HC Deb 02 February 1989 vol 146 cc411-2
3. Mr. Sheerman

To ask the Secretary of State for the Home Department what steps he is taking to protect the confidentiality of police records.

Mr. Douglas Hogg

It is for individual chief officers of police to decide the measures needed to protect the confidentiality of police records.

Mr. Sheerman

Is the Minister aware that private security firms cannot wait to get their hands on the police national computer? Does he agree that it would be dreadful if that happened? Is he aware that the police are worried, because not only criminal convictions but highly sensitive criminal intelligence are held on the computer? Will the Minister stand up and fight privatisation of the computer records and stand for what we want from police services—a mixture of accountability and security?

Mr. Hogg

We have no plans to privatise the police national computer.

Mr. Arbuthnot

Will my hon. Friend confirm that private agencies are not necessarily less secure than public ones?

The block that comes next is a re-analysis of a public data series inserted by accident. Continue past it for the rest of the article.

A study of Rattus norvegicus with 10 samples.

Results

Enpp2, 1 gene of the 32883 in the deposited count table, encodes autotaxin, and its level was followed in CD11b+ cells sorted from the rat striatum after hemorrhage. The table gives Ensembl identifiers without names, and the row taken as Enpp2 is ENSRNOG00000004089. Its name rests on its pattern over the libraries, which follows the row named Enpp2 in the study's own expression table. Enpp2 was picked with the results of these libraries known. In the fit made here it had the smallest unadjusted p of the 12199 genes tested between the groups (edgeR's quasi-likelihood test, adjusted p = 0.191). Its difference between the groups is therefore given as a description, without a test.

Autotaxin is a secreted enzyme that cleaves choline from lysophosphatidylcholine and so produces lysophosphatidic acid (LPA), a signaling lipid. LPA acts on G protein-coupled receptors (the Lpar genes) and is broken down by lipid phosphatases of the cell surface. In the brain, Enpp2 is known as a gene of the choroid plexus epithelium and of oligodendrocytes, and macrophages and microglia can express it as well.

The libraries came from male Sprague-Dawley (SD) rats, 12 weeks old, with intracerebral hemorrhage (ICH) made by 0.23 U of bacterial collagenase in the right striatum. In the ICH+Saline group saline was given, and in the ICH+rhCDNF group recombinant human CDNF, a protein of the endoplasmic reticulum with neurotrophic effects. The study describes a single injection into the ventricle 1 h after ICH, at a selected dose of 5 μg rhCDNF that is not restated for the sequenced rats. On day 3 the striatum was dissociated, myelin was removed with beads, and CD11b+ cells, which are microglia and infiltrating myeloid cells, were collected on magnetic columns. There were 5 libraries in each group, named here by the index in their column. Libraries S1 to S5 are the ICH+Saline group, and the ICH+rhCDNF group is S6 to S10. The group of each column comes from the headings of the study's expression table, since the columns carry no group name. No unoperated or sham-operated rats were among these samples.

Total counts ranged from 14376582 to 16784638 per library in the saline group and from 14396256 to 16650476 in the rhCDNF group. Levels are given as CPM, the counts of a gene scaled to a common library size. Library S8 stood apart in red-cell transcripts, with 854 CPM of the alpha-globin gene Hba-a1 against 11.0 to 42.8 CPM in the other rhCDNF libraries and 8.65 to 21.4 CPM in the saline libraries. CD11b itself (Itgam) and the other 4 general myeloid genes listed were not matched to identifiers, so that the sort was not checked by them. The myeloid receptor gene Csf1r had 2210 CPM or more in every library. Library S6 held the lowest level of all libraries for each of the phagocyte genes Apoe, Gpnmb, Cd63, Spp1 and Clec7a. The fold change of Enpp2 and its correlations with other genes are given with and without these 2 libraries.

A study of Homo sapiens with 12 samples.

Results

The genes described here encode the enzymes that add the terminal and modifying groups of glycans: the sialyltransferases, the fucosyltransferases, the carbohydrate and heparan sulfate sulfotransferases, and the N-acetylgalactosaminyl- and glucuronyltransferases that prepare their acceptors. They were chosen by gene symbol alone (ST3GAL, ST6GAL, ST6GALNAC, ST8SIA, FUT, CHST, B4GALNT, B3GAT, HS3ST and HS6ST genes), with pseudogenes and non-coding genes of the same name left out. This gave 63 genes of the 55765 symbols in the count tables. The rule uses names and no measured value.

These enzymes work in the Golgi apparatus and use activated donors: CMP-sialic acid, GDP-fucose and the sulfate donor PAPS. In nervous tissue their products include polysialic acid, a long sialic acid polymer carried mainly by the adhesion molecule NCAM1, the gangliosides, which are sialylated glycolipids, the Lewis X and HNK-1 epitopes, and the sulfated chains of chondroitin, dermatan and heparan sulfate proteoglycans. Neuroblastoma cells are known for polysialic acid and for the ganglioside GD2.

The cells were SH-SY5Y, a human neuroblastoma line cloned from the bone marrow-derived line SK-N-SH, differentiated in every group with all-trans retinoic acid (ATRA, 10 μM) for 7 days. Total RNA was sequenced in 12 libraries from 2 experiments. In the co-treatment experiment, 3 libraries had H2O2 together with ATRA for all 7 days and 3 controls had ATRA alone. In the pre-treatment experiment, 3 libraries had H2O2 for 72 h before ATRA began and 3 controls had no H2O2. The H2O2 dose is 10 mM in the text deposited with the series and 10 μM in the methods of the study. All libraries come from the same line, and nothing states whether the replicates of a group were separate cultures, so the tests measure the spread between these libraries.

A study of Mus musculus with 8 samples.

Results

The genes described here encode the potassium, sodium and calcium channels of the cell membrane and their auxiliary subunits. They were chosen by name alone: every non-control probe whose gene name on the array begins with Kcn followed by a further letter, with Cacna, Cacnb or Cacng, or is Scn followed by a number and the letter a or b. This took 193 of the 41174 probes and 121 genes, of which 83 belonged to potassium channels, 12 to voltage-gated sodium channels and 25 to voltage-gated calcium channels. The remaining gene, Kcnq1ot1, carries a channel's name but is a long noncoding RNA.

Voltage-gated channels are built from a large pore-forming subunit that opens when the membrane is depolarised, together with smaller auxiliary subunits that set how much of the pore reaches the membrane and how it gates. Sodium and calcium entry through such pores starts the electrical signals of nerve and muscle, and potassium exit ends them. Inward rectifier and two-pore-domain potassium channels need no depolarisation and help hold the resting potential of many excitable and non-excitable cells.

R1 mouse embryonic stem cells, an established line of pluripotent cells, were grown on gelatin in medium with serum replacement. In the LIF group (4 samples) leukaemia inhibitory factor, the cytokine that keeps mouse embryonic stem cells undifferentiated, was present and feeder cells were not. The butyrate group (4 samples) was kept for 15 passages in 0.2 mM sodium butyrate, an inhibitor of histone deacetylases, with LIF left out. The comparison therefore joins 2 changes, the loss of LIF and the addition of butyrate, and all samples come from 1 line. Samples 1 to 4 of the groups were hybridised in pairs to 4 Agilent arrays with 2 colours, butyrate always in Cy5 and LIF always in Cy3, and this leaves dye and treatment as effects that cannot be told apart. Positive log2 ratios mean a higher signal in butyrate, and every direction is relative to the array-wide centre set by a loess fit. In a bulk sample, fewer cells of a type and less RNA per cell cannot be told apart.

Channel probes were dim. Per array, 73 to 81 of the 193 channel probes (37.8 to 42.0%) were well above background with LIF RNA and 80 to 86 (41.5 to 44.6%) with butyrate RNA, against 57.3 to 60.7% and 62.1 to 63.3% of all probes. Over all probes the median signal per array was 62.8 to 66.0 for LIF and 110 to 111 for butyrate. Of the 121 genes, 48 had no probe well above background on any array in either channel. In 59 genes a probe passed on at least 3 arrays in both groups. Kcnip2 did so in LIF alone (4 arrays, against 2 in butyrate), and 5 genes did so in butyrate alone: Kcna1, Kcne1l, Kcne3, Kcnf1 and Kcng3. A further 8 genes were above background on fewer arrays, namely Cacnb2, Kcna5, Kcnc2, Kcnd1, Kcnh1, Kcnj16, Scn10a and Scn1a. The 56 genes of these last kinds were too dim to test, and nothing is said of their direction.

Mr. Hogg

That is true, but the information held by the police is confidential.

Mr. Madden

Will the Minister confirm that it is possible for any detective above the rank of detective constable to obtain, within five seconds, from terminals located in every police station, information from the police national computer, including that about unspent convictions, which can be and is passed to security firms and the Economic League? Will he urgently investigate the possibility of introducing a scheme whereby any police officer requesting information from the police national computer is required to record the reason for the inquiry?

Mr. Hogg

The information held by the police is confidential to the police and is disclosed only in tightly drawn circumstances. An unauthorised disclosure of information by a police officer would certainly give rise to disciplinary procedures in appropriate cases and might constitute a breach of criminal law.